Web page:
The Genetic Divide Between NYC's Uptown And Downtown Rats Fordham University graduate student Matthew Combs studies the DNA of New York City's rats. He found that rats living uptown are genetically distinct from rats living downtown.


The Genetic Divide Between NYC's Uptown And Downtown Rats

The Genetic Divide Between NYC's Uptown And Downtown Rats

  • Transcript

Rats have been a persistent problem for cities around the world. AFP/AFP/Getty Images hide caption


Rats have been a persistent problem for cities around the world.

AFP/AFP/Getty Images

The Empire State building, pizza and Broadway are just a few things synonymous with New York City — and then there's the rats.

Like many other major metropolitan areas, New York City has a rat problem. But that doesn't mean that all the rats are the same.

Matthew Combs is a graduate student at Fordham University who studies rats. In a recently published paper of his, Combs shared his findings about the genetics of the city's brown rats.

"Despite the fact that rats live right in our cities and under our feet, under our noses, there's actually quite little knowledge about how they behave in the cities, how they move around," Combs says.

And that lack of knowledge is a problem, just like the vermin themselves.

"They are a serious public health threat," he says. "They carry several zoonotic diseases that we are worried about. So the more we know about how they move, how these colonies interact, the better we can create management strategies to stop them."

Combs and other researchers spent two years going around the city and trapping rats. After extracting and analyzing their DNA, he determined that the rats that live in uptown, north of 59th Street, are distinct from those living in downtown, south of 14th Street. The Midtown area is more sparsely populated — by rats, anyway — presenting a barrier to genetic mixing.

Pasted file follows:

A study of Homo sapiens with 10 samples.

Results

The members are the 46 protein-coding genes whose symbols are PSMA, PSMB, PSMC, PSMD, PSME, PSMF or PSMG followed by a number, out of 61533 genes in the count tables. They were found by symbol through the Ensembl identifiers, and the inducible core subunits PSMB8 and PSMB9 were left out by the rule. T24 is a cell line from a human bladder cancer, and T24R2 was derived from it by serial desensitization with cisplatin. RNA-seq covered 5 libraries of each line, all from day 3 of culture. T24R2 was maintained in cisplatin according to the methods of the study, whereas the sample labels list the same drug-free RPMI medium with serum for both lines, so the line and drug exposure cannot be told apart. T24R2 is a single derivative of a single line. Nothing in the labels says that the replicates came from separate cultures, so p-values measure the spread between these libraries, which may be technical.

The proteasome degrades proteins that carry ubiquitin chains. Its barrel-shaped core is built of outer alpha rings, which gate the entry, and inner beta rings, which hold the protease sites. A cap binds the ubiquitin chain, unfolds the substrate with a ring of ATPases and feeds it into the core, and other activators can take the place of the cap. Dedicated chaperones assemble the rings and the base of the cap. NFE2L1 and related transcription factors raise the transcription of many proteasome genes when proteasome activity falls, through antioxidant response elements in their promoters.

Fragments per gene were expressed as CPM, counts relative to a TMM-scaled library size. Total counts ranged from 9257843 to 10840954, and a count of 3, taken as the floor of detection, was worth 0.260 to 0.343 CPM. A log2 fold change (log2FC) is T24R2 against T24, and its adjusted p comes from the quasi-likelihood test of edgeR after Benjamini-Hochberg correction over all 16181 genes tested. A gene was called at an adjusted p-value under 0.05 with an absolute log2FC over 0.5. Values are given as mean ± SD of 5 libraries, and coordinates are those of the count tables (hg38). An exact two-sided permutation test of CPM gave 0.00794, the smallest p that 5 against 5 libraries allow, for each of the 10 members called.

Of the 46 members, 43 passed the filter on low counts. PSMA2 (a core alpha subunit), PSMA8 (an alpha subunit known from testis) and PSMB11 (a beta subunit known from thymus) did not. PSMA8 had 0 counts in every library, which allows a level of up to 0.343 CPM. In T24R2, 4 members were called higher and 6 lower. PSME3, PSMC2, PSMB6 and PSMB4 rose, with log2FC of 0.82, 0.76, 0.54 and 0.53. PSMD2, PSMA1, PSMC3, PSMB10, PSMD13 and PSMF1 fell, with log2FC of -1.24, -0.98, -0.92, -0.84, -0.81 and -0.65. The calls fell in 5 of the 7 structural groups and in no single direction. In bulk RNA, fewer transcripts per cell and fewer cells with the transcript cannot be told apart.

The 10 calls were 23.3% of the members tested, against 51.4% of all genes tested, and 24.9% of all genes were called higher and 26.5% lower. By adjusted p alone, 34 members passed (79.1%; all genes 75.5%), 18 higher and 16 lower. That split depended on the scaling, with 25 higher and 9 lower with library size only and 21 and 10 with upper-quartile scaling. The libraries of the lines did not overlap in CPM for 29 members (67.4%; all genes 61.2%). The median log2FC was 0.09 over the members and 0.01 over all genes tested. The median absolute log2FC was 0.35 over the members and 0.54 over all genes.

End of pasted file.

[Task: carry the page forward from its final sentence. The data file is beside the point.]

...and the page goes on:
Much like people, New York City's rats have their own home areas and generally stick to those neighborhoods, the study found.

"We know that related rats, rats in the same colony, tend to stay within about 200 to 400 meters of each other, even over multiple generations," Combs says. "That tells us that most rats actually stay right very close to where they were born."

While a majority of the rats stick to their home turf, Combs says about five percent do leave their colonies and go to different blocks, parks or even farther — up to 2,000 meters. It's those rats, he says, that present the biggest problem.

"Those are the rats — those dispersing rats — that can actually move genetic information and move even their pathogens, and lead to that spread of disease and that gene flow we detected," Combs says.

While it may seem like it is good news that these rats generally stay in the same area, Combs says it's not that easy of a matter.

"It's not a good thing if your neighbor has rats, because it means that you have rats as well," he says. "That's not quite in line with the way that we deal with rats."

Combs says that in New York if a person has rats, it's the property owner who has to deal with them, but really it's a community scale issue and should be dealt with that way. He's hoping that his research can change how rats are dealt with.

As for his personal feelings about rats, Combs says the pests are more complex than they seem.

"The more I learn and the more I read about rats, I think the more I'm able to respect them," he says. "I mean, they're remarkable creatures — they're able to change their movement patterns based on the things humans do, so they're very smart. They're also very social creatures."

But they're still the creatures that can steal an entire slice of pizza. (Or can be trained to, anyway.)